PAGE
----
For those schools getting ready to welcome students back inside the classroom, parents may be concerned what cleaning protocols are in place to keep their kids safe.
While some people have had a difficult time finding cleaning supplies like wipes, hand sanitizer, or sprays, many schools are stocking up and trying new ways to keep kids safe.
As students head back to school, lesson plans aren't the only things administrators, teachers, and staff have to prepare this year due to COVID-19.
Carly Schwartz, senior director of J Early Childhood at the Jewish Community Center of Greater Baltimore said “preparation is key. Making sure that you have the right contacts so that your school can be equipped with anything you need, disinfecting wipes, sprays, masks, gloves. Just to make sure that not only the children are safe, but also the people who are working in your building are safe.”
The JCC Early Learning Center was one of the first institutions to welcome back students for in-person instruction when it opened back up in July.
“Our cleaning crew and our teachers are cleaning all day, every day. So, we are disinfecting high touch areas, low touch areas, bathrooms. We just want to make sure that every surface is wiped down between usage of children, this includes all of our toys, all of our table tops, light switches. We are constantly disinfecting,” Schwartz said.
The Protexis sprayer is one tool some are using in their mission to disinfect. It's an electrostatic sprayer which quickly covers most surfaces in minutes.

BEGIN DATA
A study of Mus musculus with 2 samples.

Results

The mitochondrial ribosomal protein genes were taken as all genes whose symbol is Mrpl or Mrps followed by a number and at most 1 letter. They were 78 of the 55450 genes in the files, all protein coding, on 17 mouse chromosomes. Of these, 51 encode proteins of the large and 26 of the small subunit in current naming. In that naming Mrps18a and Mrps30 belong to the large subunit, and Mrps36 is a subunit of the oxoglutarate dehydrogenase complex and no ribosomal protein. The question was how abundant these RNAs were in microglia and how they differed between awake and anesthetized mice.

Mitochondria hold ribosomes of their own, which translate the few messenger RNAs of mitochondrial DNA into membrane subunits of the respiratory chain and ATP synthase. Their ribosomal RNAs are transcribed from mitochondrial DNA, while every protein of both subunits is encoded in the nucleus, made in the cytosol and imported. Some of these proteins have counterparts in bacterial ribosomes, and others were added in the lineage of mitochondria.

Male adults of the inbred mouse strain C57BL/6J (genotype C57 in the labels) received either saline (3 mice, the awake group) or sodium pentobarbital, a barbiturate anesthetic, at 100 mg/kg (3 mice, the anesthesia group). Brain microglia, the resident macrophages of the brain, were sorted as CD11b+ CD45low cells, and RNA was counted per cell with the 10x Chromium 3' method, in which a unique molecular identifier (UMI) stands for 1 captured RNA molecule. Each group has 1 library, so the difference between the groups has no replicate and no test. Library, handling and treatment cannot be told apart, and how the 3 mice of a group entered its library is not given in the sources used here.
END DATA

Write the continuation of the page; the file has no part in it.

Acme Paper & Supply Co., Inc vice-president Andy Attman said “that one minute is key, because a lot of times people don't realize that a disinfectant has a range of one minute to ten minutes to fully disinfect but the surface has to stay wet in that timeframe. If it doesn't stay wet, than your surface is not really getting disinfected."
Keeping the center disinfected requires a seemingly endless supply of cleaning products.
“There are schools that are buying a year's worth of inventory at one time because they're worried these shortages that we saw in the spring. There are other schools that are buying it a couple months at a time,” Attman said.
Despite the demand, Attman isn't concerned about running out of supplies for clients like the JCC.
“Before we were opening, I was very concerned, along with my entire team. We have a lot of children, and teachers and families that we're responsible for, their health and safety, and now that we're up and running, and we have the PPE that we need, my concern level has gone down significantly” Schwartz said.